The Demise of Shared Governance at Rensselaer Polytechnic Institute

In early August 2007, Rensselaer Polytechnic Institute’s newly appointed provost, Robert Palazzo, summarily suspended the university’s Faculty Senate. He claimed that the Rensselaer Faculty Senate (RFS) had failed to amend its constitution according to a directive from the university’s Board of Trustees. At the heart of debate were the disenfranchisement of nearly 200 faculty, and contention over who should be voting members of the Faculty Senate. In fall 2007, the Rensselaer faculty voted overwhelmingly for reinstatement of the Senate. The Board of Trustees, President Shirley Jackson, and the provost ignored this referendum despite AAUP concerns and negative national publicity. Until this impasse, the Faculty Senate had played an advisory role to the Office of the Provost and had participated in the governance and direction of scholarly activities and instruction at Rensselaer, a model of shared governance typical of many universities across the country.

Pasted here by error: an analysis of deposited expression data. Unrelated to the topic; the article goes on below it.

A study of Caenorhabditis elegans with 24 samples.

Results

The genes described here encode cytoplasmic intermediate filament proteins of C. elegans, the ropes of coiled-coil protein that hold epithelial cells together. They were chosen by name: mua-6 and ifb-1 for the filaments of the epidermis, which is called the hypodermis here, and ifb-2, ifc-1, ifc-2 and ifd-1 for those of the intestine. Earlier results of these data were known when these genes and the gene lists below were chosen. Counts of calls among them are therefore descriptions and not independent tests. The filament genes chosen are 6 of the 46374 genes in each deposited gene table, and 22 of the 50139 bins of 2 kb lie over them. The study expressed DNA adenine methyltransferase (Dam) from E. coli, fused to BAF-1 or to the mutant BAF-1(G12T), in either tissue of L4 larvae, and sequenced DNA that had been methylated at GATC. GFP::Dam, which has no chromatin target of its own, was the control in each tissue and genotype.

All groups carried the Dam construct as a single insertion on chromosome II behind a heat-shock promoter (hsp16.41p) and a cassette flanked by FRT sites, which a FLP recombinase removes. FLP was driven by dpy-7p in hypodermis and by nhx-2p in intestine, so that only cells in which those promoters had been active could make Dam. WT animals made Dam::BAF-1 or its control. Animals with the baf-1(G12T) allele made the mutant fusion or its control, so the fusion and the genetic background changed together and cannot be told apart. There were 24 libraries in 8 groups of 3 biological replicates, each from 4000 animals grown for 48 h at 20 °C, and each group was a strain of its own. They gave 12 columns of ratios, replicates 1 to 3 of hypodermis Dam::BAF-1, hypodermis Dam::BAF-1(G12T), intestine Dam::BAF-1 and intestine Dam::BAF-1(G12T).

The Role of the College of Pharmacy in the Development of Shared Governance at Western New England University

Between 2006 and 2015, the number of pharmacy schools in the United States rose from 87 to 132. This growth has provided additional opportunities for students, and it has also resulted in a sharp increase in the number of pharmacy faculty. The growth of pharmacy schools, like that of other professional schools, has altered the dynamics of the universities of which they are a part, including the operation of institutional governance.